FIFTY SHADES OF GREY Rises Above its Source Material



The prose in the novel Fifty Shades of Grey is atrocious. It’s a labored labor of love by an author so inspired by the Twilight novels that she reimagined the fantasy story of lovers Bella Swann and Edward Cullen as a mundane erotic romance tale filled with bondage scenarios. The novel was first posted in an online Twilight forum filled with fan-created re-imaginings of the Edward and Bella romance. Author Erika Mitchell initially posted her stories with the title Master of the Universe using the screen name Snowqueen’s Icedragon and later self-published the works as a book trilogy using the name EL James. The books were a phenomenon and eventually picked up by major publisher Random House. Random House sold so many copies of Fifty Shades, both print and digital, that they gave everyone who worked for their company—from the mailroom to the executive offices—a $5,000 bonus.

In the Twilight book trilogy, kind vampire Edward Cullen becomes enamored with moody teen Bella Swan and involves her in wild supernatural adventures as the two move toward consummating their relationship. Fifty Shades reimagines Bella as virginal college senior Anastasia Steele, a proper young woman who has never known love. Edward becomes wealthy young businessman Christian Grey, a mysterious man who has never been in a committed relationship. The author substitutes BDSM (Bondage, Domination, Sadism and Masochism) for the vampirism of Twilight. It is a practice Mr. Grey picked up in large part due to a troubled childhood.

Like Cinderella before her, Anastasia gets to escape into wealth and luxury. The scenes where she is luxuriating in Christian’s wealth are just as important to understanding the story’s success as are the erotic scenes of BDSM.

The filmed adaptation of the first novel in the series is a handsome looking film featuring a good turn by star Dakota Johnson who was winning in the short lived TV series Ben and Kate. Director Sam Taylor-Johnson gives the film a professional sheen that helps the film rise above its subpar source material. Jamie Dornan (TV series The Fall) plays Christian Grey and isn’t served well by flaccid dialogue and a creepy role. Christian Grey, like Edward Cullen before him, can’t stand to be without his true love and this drives him to stalk and attempt to dominate her beyond the bedroom.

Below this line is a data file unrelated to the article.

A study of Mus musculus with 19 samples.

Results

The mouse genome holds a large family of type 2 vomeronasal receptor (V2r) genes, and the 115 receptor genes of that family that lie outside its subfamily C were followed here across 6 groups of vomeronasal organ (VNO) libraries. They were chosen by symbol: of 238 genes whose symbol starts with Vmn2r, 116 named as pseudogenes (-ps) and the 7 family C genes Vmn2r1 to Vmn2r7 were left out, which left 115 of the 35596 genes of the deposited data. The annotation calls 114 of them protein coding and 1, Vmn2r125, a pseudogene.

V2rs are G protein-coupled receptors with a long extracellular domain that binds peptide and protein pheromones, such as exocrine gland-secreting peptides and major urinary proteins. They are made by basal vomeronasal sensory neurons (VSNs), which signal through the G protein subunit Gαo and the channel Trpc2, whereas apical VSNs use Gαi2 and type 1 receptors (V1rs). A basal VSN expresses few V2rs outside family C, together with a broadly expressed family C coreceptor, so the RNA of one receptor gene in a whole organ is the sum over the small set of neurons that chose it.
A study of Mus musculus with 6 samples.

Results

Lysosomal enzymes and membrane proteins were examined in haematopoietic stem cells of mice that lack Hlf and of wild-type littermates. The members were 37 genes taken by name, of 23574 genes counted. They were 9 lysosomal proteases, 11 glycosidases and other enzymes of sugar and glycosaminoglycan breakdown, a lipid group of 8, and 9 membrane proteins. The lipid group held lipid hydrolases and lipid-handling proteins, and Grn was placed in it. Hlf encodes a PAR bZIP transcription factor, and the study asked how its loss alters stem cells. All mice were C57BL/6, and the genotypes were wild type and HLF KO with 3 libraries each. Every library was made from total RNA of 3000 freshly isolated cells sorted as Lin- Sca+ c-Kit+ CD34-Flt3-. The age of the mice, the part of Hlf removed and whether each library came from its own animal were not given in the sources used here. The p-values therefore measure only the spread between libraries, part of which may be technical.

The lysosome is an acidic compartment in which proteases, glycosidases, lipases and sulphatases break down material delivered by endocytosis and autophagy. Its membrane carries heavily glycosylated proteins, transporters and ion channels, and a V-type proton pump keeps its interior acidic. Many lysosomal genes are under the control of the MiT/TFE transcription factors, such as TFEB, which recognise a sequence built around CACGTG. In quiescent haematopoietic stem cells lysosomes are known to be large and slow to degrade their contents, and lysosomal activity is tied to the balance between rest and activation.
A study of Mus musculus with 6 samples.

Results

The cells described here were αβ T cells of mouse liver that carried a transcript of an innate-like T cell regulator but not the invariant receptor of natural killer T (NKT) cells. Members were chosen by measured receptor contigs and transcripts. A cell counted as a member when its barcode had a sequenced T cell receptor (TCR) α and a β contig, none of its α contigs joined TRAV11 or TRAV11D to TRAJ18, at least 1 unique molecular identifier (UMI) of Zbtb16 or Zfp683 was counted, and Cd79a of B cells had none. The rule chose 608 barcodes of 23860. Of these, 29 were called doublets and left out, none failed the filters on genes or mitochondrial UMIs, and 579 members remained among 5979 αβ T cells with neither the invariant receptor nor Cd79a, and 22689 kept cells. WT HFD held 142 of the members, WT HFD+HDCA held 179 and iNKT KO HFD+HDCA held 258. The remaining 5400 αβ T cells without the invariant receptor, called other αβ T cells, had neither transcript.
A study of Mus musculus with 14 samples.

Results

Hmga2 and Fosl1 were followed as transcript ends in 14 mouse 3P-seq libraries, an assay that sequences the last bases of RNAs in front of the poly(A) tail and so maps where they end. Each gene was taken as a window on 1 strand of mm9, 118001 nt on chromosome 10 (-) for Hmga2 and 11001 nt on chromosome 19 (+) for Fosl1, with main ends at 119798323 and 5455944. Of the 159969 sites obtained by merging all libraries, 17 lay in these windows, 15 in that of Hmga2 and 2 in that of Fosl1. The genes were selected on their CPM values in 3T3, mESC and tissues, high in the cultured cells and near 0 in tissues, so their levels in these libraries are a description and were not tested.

Christian Grey is psychotic and it’s unclear whether the subsequent films will address how unhealthy his obsession is. It appears that his inability to leave Anastasia alone is supposed to be the height of romantic love. Maybe subsequent entries in the series will redress this glaring problem and give Christian Grey, the obvious villain of the piece, some comeuppance. It’s a common theme of romance tales that a good woman can tame a wild man and help him be his best self, but Christian Grey crosses so many lines that Anastasia should run away from him thirty minutes into the movie. It’s a flaw of the film that what is clearly the story of an obsessed mad man is presented as a romance.

The books became a massive phenomenon in part because they took the somewhat taboo subject of BDSM and presented it in frank language. The film, as well, features several erotic scenes of Anastasia experimenting with bondage, trying to figure out what her boundaries are while she falls in love with the domineering Christian. They are more explicit than the sexual scenes in modern mainstream films where the appearance of flesh usually serves as a humiliating punch line. They are not explicit enough to warrant an NC-17, the modern day equivalent of the X rating, and while novel for mainstream films will not shock most adult audiences.


While the film and books have gained notoriety for their erotic scenes, they are also the story of middle class woman who, through her pairing off with Christian, gets to enjoy how the other half lives. Like Cinderella before her, Anastasia gets to escape into wealth and luxury. She gets to ride in helicopters and live in a luxury penthouse while deciding whether or not to comply with Christian Grey’s need to control her. The scenes where she is luxuriating in Christian’s wealth are just as important to understanding the story’s success as are the erotic scenes of BDSM.

Fifty Shades of Grey is a meandering film with a narrative arc that’s hard to discern. It ends on a cliffhanger that asks “can this relationship be saved”, but never convinces audiences that Mr. Grey is of sound mind and not actually a villain.